Black Maternal Health - A look at the government's findings

We have taken a look into the worrying disparities in women’s maternal mortality based on their ethnicity which were addressed in the government’s Black Maternal Health Report.

What does the Black Maternal Health report show?

It found that Black women are nearly four times more likely than White women to die during and up to six weeks after pregnancy.

There are also significant disparities for Asian and mixed ethnicity women.

What is causing these disparities?

The exact cause is not fully understood but, according to the report, a number of factors might be affecting it:

  • Pre-existing conditions

Some conditions, such as diabetes and hypertension, are more common in Black and Asian women.

  • Socio-economic factors

There is a link between poor health and deprivation and a higher proportion of babies from Black and Asian mothers were born in the most deprived areas, compared with the White ethnic group.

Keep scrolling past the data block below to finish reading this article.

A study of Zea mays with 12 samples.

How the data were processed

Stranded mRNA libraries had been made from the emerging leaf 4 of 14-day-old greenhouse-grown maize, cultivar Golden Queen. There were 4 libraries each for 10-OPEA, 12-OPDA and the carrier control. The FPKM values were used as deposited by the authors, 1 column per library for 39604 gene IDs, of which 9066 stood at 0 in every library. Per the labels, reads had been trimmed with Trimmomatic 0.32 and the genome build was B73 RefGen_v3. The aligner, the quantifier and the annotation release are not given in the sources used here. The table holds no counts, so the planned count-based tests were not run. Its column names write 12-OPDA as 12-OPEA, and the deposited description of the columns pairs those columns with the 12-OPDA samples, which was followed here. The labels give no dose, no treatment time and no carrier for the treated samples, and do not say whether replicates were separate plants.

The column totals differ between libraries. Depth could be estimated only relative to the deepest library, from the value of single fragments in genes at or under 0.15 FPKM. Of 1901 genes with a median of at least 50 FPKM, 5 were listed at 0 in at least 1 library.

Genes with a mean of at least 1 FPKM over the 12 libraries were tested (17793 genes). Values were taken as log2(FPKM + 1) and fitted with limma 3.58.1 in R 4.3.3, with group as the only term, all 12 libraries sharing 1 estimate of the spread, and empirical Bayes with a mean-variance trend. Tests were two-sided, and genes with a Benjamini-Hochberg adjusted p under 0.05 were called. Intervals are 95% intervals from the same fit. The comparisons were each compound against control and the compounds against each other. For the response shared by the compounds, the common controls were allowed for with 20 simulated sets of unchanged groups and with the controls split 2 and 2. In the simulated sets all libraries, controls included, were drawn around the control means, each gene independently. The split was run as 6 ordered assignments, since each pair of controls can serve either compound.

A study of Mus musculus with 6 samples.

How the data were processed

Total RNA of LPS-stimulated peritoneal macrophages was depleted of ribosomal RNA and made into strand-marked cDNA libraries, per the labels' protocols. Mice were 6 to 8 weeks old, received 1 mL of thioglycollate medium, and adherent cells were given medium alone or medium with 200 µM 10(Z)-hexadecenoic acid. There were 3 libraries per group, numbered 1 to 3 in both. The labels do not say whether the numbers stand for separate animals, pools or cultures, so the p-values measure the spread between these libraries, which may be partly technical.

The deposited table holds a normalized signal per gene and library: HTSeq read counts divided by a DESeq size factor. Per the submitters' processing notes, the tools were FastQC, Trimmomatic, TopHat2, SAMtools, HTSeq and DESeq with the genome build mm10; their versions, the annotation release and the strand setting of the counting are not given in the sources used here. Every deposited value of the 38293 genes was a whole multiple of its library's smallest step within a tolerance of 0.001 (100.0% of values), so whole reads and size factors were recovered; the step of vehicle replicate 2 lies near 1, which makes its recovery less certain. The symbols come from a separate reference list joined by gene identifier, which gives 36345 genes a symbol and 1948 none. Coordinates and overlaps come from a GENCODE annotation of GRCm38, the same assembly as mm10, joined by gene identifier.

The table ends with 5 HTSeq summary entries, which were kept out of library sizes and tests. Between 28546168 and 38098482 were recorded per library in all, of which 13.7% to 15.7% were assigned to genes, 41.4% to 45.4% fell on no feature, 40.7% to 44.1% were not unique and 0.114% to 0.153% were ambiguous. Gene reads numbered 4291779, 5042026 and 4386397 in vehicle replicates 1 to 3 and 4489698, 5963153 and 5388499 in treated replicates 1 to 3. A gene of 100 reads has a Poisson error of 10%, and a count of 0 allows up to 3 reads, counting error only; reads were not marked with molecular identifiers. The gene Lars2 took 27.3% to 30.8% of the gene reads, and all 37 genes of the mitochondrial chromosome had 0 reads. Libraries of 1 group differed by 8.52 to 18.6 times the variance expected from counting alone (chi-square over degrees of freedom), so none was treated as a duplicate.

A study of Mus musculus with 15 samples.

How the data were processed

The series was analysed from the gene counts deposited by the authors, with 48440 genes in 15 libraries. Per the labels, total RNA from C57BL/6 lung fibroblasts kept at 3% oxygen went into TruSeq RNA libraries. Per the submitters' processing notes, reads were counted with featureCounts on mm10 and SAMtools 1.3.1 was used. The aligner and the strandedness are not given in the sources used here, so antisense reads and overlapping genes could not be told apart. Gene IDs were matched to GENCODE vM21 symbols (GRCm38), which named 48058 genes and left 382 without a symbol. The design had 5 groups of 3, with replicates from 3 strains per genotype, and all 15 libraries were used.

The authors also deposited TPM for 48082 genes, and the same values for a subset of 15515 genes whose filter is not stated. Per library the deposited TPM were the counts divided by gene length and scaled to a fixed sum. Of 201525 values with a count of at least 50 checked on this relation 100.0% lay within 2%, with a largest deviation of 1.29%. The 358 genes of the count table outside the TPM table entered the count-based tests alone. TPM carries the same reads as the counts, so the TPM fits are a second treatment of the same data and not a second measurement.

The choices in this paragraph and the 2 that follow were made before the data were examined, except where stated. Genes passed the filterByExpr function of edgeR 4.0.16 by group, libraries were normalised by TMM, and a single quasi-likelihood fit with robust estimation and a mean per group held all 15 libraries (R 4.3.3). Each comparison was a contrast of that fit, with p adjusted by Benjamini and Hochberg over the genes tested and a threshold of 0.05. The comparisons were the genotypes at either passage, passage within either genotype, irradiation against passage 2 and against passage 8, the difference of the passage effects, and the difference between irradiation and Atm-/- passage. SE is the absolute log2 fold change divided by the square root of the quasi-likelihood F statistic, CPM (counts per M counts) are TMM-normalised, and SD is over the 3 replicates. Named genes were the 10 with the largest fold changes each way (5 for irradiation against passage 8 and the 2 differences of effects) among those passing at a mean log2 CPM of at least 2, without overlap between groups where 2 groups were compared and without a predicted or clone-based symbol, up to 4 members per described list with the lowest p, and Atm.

• Maternity care

The report found that maternity care was often not culturally sensitive, and that racial or ethnic stereotypes and racism played a part in poor care.

  • Lack of training

Maternity professionals often lacked training on black maternal health inequalities and how to challenge prejudices in order to deliver respectful and personalised care.

What next?

The report looks in depth as the challenges the government and NHS face in improving black maternal health and makes a number of recommendations. It also stresses the need for targets to improve on the figures.

Let’s hope this report can act as an impetus for an effective and coherent strategy that can quickly begin to make sustained progress for Black, Asian and mixed ethnicity patients.

You can read the report in full here. 

Can we help?

If you’re concerned about the care that you, or a loved one received, get in touch with our team of friendly and empathetic medical negligence specialists.